When Apple’s iPhone was launched in 2007, customers in the United States and Europe received the iPhone with euphoria. A few months after the initial launch, the iPhone 3G was introduced to a total of 22 countries including Japan.
However, what followed after the iPhone’s appearance in a technology-obsessed Japan, is a timeless lesson in the value of genuinely understanding the expectations of potential buyers.
One important factor which Apple did not consider regarding the Japanese market, is the fact that Japanese buyers might have had needs varying from those in the U.S and Europe. Although the demand for the iPhone outpaced supply in other parts of the world, the iPhone was gathering dust on Japanese store shelves.
Press reports indicated that only 200,000 units were sold in Japan, primarily to existing users of Apple computers and laptops.
This was a country where an estimated 50 million cell phones had been sold the previous year. With a bit of research, Apple would have discovered that Japanese consumers were habitually taking videos and watching TV on their personal phones. Yet the iPhone 3G did not even include a video camera.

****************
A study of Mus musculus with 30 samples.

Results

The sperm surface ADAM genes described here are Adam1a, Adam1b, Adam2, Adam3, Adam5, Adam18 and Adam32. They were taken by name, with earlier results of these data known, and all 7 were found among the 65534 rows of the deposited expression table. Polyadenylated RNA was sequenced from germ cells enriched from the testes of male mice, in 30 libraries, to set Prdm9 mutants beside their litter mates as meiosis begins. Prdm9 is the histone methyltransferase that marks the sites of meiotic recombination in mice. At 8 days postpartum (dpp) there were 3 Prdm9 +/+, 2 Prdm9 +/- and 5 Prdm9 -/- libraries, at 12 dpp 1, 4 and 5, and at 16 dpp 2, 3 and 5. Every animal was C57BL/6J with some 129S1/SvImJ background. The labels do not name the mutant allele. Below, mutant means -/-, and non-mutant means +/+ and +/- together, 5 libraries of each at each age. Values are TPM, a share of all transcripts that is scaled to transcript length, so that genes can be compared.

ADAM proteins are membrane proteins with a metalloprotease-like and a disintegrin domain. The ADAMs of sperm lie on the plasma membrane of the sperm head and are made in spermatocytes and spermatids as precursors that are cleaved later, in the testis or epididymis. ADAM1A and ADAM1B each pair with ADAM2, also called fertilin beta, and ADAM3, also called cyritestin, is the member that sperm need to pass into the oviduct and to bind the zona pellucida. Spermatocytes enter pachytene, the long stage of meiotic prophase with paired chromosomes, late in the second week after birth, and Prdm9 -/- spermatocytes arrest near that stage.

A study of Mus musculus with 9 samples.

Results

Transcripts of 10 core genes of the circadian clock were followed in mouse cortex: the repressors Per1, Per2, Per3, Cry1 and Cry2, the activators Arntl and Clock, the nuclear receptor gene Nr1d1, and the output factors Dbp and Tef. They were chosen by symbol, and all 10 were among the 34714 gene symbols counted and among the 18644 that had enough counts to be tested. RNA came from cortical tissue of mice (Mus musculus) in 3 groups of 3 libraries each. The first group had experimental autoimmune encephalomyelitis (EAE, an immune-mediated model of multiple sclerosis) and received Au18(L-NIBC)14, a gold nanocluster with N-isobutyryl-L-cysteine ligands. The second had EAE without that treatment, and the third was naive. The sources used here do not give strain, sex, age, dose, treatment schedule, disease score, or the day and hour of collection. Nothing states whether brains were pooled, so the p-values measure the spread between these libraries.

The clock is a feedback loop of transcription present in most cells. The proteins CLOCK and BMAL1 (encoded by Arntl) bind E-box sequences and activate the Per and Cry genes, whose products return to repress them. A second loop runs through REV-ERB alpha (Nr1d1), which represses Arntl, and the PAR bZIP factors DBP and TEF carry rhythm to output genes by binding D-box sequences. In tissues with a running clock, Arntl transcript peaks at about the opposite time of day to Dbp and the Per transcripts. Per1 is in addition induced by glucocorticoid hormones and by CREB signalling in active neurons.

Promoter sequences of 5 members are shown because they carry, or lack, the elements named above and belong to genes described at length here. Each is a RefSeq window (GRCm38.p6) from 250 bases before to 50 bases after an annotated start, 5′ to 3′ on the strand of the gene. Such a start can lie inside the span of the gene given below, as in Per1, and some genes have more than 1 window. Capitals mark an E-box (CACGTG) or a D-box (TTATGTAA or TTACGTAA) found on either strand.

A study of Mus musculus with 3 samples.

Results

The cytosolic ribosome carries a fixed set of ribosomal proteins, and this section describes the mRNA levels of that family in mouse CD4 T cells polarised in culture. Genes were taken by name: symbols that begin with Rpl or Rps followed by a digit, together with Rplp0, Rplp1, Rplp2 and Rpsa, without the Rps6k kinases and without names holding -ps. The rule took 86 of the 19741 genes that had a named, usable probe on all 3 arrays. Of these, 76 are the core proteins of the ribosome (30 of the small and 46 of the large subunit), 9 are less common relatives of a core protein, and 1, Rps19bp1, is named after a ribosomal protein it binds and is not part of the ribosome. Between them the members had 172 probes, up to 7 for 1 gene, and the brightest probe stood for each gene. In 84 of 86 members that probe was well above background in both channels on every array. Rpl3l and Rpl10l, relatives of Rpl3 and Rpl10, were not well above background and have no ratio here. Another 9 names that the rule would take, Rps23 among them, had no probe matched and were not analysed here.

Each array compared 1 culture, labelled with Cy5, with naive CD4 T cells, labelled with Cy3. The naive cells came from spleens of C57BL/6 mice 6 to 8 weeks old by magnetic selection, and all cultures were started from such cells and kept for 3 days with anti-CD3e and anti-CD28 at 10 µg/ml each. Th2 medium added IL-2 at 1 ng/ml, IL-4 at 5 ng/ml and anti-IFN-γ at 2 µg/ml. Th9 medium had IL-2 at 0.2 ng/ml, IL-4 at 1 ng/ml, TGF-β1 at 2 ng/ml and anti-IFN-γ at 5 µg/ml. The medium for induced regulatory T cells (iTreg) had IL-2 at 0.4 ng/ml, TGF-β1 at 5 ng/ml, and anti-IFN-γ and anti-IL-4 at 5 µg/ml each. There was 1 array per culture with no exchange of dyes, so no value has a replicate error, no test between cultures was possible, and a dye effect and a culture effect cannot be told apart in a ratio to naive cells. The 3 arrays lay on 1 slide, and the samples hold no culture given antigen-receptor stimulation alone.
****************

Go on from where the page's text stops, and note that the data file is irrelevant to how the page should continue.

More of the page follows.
Furthermore, Apple could have anticipated the difficulty in competing in a market where many phones routinely included chips for debit card transactions and train passes.
To make things even more complicated was the fact that the iPhone was way more expensive than its competitors in Japan. Apple might have thought its online software store to be valuable enough to justify the higher price. However, the company did not take into consideration that people were reluctant to do online shopping in 2008.
Having seen the iPhone 3G, the Japanese market had shown Apple’s brilliant visionary CEO what they did not want, as well as the dangers of relying solely on presentiment and past achievements as a marketing strategy.